Unit HomeNewsNews Article Display
Marine Corps Logistics Base Albany


Marine Corps Logistics Base Albany

Readiness Enabler for Operational Forces  •
Natural Resources Section shows care for environment;

By Cpl. Phuong Chau | | December 19, 2002

The future may be far away in most people's minds, but the base's Natural Resources Section personnel maintain the environment so their children and their children's children will enjoy the same resources people use today.

The Marine Corps goal is to "attain full and sustained environmental compliance and protection of our natural, cultural, and historic resources," according to a 1997 Marine Corps Environmental Awareness Guide.

The Natural Resources Section personnel maintain the natural areas that are part of the base's landscape, said Eddie Parramore, the Natural Resources manager here. Parramore and four others work to take care of the Indian Lake Wildlife Refuge, wooded areas and other natural areas of the base.

According to Parramore, the National Environmental Policy Act of 1969 requires the government to consider the environmental consequences of proposed major actions. The intent of the law is to protect, restore, or enhance the environment through well-informed federal decisions. Adhering to this directive, Parramore and the people in the section strive to take care of the base property and ensure that others do the same.

The base's Indian Lake Wildlife Refuge is home to many species of wildlife such as alligators, bats, wood storks, wood ducks, egrets and many others. These animals roam the more than 65 acres that are part of the cypress swamp and wetlands on base.

When the base was first established in 1952, a large number of trees were planted that today account for more than 1,400 acres of wooded areas and 200 acres of pecan groves, said Parramore. Natural Resources Section personnel ensure the wooded areas do not become a fire hazard by using controlled burns to reduce the underbrush of one-third of the areas annually. The burning stimulates plant growth in the Spring and reduces the danger of wildfires.

Along with controlled burning, Natural Resources Section personnel contract the harvesting of about 100 acres of pine trees every year or so, which gives the remaining trees more room to flourish. Parramore emphasized that the base only thins trees selectively and does not clear-cut entire areas of trees.

The base is also home to more than 200 acres of pecan trees, which are leased to a local farmer who maintains the trees and harvests the pecans annually. Pecans are a popular crop abundant in southwest Georgia.

Educating people on the importance of caring for the environment has always been a focus for the base. School children are taken on tours along a boardwalk that takes them across the southern end of the base's Indian Lake. This gives them a first-hand look at what the base is doing to protect and enhance natural resources. During these tours the Natural Resources Section's game wardens teach classes about the environment the visitors see. The children learn about the different animals in the area and how important it is to take care of them.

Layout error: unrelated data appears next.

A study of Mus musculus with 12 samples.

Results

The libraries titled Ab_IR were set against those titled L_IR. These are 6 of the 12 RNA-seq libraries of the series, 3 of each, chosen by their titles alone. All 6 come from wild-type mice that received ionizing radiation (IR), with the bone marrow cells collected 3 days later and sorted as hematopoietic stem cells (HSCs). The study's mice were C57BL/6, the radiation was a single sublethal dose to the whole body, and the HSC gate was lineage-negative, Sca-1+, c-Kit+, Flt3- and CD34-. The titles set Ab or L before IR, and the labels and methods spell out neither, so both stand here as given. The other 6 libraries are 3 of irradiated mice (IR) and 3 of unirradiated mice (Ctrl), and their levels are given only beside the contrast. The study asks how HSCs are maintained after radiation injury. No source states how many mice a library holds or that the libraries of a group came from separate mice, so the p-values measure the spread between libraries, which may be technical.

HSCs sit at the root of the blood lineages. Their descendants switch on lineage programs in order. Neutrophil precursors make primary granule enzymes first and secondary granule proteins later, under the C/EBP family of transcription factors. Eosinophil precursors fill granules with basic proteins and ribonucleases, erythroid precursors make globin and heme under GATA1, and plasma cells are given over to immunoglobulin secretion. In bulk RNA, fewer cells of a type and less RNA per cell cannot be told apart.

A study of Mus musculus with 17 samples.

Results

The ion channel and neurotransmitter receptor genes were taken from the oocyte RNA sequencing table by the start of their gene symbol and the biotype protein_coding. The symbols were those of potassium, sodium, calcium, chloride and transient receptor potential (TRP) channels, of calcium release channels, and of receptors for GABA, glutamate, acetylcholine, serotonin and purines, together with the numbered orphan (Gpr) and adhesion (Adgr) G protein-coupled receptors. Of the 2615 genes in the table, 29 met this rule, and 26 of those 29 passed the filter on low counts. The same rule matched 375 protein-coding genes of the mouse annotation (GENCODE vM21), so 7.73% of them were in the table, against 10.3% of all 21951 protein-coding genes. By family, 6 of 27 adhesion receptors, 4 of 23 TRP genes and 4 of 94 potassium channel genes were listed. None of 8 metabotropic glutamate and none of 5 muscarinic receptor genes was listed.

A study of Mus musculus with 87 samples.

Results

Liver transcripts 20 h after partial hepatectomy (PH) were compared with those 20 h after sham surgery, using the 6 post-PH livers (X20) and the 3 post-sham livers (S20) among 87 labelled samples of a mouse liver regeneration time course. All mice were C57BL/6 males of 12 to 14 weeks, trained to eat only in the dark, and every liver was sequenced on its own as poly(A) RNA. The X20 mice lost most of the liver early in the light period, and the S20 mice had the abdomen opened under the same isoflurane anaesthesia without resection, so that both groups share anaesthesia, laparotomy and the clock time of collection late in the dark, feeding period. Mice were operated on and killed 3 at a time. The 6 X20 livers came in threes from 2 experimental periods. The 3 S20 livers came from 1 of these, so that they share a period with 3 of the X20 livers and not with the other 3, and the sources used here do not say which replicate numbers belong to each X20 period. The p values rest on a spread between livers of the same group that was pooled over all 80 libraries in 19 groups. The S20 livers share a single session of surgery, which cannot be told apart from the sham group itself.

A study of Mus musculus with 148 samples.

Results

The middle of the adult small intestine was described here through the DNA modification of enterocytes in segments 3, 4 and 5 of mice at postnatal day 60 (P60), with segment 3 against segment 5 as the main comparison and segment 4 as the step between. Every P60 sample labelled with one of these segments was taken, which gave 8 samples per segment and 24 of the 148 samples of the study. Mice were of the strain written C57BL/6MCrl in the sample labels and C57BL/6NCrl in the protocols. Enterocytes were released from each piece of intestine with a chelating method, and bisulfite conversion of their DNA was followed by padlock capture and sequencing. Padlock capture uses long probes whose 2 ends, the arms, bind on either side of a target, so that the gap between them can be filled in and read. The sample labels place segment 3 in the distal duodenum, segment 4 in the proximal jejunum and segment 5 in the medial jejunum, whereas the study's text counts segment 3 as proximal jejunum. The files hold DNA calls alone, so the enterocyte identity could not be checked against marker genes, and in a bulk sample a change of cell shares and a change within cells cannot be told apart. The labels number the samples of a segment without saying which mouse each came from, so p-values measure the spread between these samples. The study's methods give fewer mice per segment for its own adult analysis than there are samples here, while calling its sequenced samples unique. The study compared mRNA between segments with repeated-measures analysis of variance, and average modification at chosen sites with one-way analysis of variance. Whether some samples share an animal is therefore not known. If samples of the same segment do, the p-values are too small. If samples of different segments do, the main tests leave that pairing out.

Besides educating school children, the game wardens patrol the woods and fields throughout the base ensuring no illegal activities occur, such as baiting wildlife. The game wardens also watch for downed trees and regularly enforce other rules and regulations here.

Another way the Natural Resource Section personnel strive to educate the community about the environment is by using fishing as a learning tool. For more than 10 years, the Natural Resources personnel have organized an annual Buddy Fishing Tournament at Covella Pond to give children a better appreciation of nature and natural resources. The pond is restocked annually with catfish, said Parramore.

According to the section's web site, Natural Resources Section personnel fertilize the pond to stimulate algae growth that provides an additional food source for fish and an oxygen rich habitat.

Along with taking care of fish, personnel add nesting boxes  for bluebirds, Kestrel hawks, wood ducks, purple martins and swamp bats. This list of animals does not include the abundance of endangered species that are at home here. The Endangered Species Act of 1973 protects both plants and animals that are listed by the U.S. Fish and Wildlife Service as threatened or endangered, according to the Marine Corps Environmental Awareness Guide.

Protected species found here include the Bachman's sparrow, gopher tortoise, eastern indigo snake, American alligator and the wood stork, according to the section's web site. The Eastern Fox Squirrel is also protected on base, but is not listed as endangered.

Personnel also plant food plots on more than 20 acres of environmental property for wildlife. Feeding the wildlife may spur increases to some species, but the people at the Natural Resources Section ensure that growth does not get out of hand. To help control the population of deer, the base grants bow-hunting permits during deer season.  

Landscaping may not be considered a part of nature to some, but it is an integral part of the environmental properties here and an asset to wildlife in general. Personnel work hard to keep the base's landscape aesthetically pleasing by planting tree plots throughout the base. Right now, workers are planting trees in areas around Coffman Hall.

According to Parramore, this will help keep the parking areas cooler during the summer season and provides an additional natural resource.

The Natural Resources Section is just one facet of the vast scope of the base's commitment to take care of the environment.

Taking care of the environment enhances everyone's quality of life and makes the world a better place, said Parramore.

"If you don't take care of our natural resources, there won't be a future," said Parramore. "We try to be good stewards of the land."